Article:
By James E. McGreevey
Monday, September 3, 2007
My gut wrenched when I read of Sen. Larry Craig's bathroom arrest. I remembered my own late-night encounter with the law at a Garden State Parkway rest stop following a political dinner in north Jersey.
I pulled into the rest stop, parked my car, flashed my headlights, which was "the signal," and waited. Glancing in my rearview mirror, I saw a state trooper approaching. I desperately tried to convince the trooper of my innocence, showing him my former prosecutor's badge, a gift from the office when I left. The trooper radioed his office and returned. "I never want to see you here again," he said. I survived for another day.
I was in my late 20s. It would be another 25 years before my parallel lives collided and I was coerced out of the "closet."
Why do grown men in their 20s, or their 60s, do such things? I can answer only for me.
As a child, recognizing my difference from other kids, I went to the local public library to try to better understand my reality. Back then, many library card catalogues didn't even list "homosexuality" as a topic. I had to go to "sexuality, deviant" to learn about myself, and the collected works were few and frightening: "Journal of Nervous and Mental Diseases," "Homosexuality: Its Causes and Cure," "Sexual Deviance & Sexual Deviants."
If you haven't experienced it, it may be hard to understand the sinking feeling most every gay boy or girl of my generation experienced upon coming across that section of the library. All I could do was slam the drawer closed and leave, steeped in hopelessness.
No relief was forthcoming from my then-Catholic faith, which said the practice of homosexuality was a "mortal sin" subject to damnation.
In the way that teenagers do, I came to the conclusion that my only options were suicide, something for which I could never find the courage, or "closeting" my homosexuality. After all the whispering, fights, insults, reading of academic journals and lessons from the church, you simply say to yourself: This thing, being gay, can't be me. Everything and everyone told me it was wrong, evil, unnatural and shameful. You decide: I'll change it, I'll fight it, I'll control it, but, simply put, I'll never accept it. You then attempt to place "it" in a metaphorical closet, keep it separate from open daily life and indulge it only in dark, secret places.
The danger of this decision is the implicit shame it carries. I was convinced I was worth less than my straight peers. I was at best inauthentic, and the longer I went without amending that dishonesty, the more ashamed I felt. And the third shame, for me, was my behavior. From the time in high school when I made up my mind to behave in public as though I were straight, I nonetheless carried on sexually with men.
How do you live with this shame? How do you accommodate your own disappointments, your own revulsion with whom you have become? You do it by splitting in two. You rescue part of yourself, the half that stands for tradition, values and America, the part that looks like the family you came from, and you walk away from the other half the way you would abandon something spoiled, something disgusting. This is a false amputation, because the other half doesn't stop existing. When I decided to closet my desire, I also denied the possibility of life as a healthy, integrated gay.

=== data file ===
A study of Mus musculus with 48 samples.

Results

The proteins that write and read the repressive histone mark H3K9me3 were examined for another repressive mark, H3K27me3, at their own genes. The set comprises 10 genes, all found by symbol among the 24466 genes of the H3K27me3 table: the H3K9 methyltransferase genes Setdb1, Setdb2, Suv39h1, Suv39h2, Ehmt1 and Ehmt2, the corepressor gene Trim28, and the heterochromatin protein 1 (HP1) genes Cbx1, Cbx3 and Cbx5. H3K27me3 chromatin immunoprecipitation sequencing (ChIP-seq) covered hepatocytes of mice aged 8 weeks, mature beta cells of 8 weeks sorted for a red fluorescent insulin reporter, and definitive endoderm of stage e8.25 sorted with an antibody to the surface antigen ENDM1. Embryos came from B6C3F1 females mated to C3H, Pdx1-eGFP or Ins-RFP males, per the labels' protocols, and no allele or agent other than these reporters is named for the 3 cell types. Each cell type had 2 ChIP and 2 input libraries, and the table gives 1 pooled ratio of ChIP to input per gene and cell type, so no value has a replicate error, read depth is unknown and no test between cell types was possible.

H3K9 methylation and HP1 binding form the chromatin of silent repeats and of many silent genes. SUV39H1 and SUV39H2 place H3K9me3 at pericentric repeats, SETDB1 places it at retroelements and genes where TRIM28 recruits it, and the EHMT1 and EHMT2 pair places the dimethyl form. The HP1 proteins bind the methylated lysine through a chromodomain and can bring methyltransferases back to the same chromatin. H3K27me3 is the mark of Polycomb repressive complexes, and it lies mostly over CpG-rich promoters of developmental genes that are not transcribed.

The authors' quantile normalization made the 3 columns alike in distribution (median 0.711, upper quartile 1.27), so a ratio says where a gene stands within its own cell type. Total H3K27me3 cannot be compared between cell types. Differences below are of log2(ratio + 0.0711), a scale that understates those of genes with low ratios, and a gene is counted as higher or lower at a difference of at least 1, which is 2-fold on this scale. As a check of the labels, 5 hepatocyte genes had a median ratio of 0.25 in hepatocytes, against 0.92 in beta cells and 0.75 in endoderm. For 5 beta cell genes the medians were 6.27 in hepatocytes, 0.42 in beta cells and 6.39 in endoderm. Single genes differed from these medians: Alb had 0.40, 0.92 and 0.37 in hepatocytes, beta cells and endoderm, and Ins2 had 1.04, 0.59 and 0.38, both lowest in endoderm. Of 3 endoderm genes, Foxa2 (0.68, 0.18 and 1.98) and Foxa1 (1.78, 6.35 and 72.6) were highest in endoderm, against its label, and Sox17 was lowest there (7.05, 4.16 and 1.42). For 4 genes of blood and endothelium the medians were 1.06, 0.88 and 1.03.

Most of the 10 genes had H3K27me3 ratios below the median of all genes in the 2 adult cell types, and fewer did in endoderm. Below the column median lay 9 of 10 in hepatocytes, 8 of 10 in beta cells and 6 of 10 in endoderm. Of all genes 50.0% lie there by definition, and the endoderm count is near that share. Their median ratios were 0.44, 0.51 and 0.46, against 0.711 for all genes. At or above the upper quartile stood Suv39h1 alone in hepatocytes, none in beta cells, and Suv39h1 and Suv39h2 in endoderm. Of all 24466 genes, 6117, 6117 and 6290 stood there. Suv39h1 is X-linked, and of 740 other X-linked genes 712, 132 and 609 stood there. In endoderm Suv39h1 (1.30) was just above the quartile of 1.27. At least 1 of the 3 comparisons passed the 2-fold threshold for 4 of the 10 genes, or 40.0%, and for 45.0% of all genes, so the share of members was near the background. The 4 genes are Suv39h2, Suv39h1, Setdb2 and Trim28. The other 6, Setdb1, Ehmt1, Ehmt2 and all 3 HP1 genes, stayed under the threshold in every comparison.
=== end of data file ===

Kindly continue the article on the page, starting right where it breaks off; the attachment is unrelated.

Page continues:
But being in the closet uniquely assisted me in politics. From my first run for the state legislature until my election as governor, all too often I was not leading but following my best guess at public opinion. Politics was for me a way to secure the crowd's approbation while maintaining a busyness that obfuscated the desires of my heart. Despite being a moderately liberal governor, my stance on marriage was: "between a man and a woman." The position, in my mind, created a tension with the lesbian-gay-bisexual-transgender community that affirmed my bona fides as a "straight." Only after the crisis that resulted in my resignation, when public opinion no longer mattered, did I realize the importance and legitimacy of same-sex marriage.
Ultimately, like Sen. Craig, I resigned for the perceived good of my family, state and political party. And in so doing, I at long last accepted a fundamental truth, namely, that I am a gay American. In my soul, I found peace. In my heart, I found love. In my psyche, I disassembled the twisted separate strands of my life to create a healthy integrated person. And with my God, I found purpose.
I can only pray that Larry Craig and his loving family come to peace with his truth, whatever that may be. To those who judge him harshly, I ask that they fill their hearts with compassion and equanimity. The senator did not have a lover on the payroll, as I did; nor did he engage in sexual relations for money or use his office for unethical professional or personal gain.
Is it possible that we hold him to a different standard because a same-sex entanglement is involved? If being gay is, as I believe, a natural gift of the creator, what choice does a gay person have in being gay? If we condemn sin in an equal manner, so be it. But what if our condemnation tells to members of the next generation that they are to be shamed, repudiated and vilified inequitably for being gay?
I pray that the tide of American history continues to sweep toward the inevitable expansion of freedom that recognizes the worth and dignity of every individual -- and that mine is the last generation that is required to choose between affairs of the heart and elected office.
The writer, a student at the General Theological Seminary of the Episcopal Church in New York, resigned in 2004 after two years as governor of New Jersey.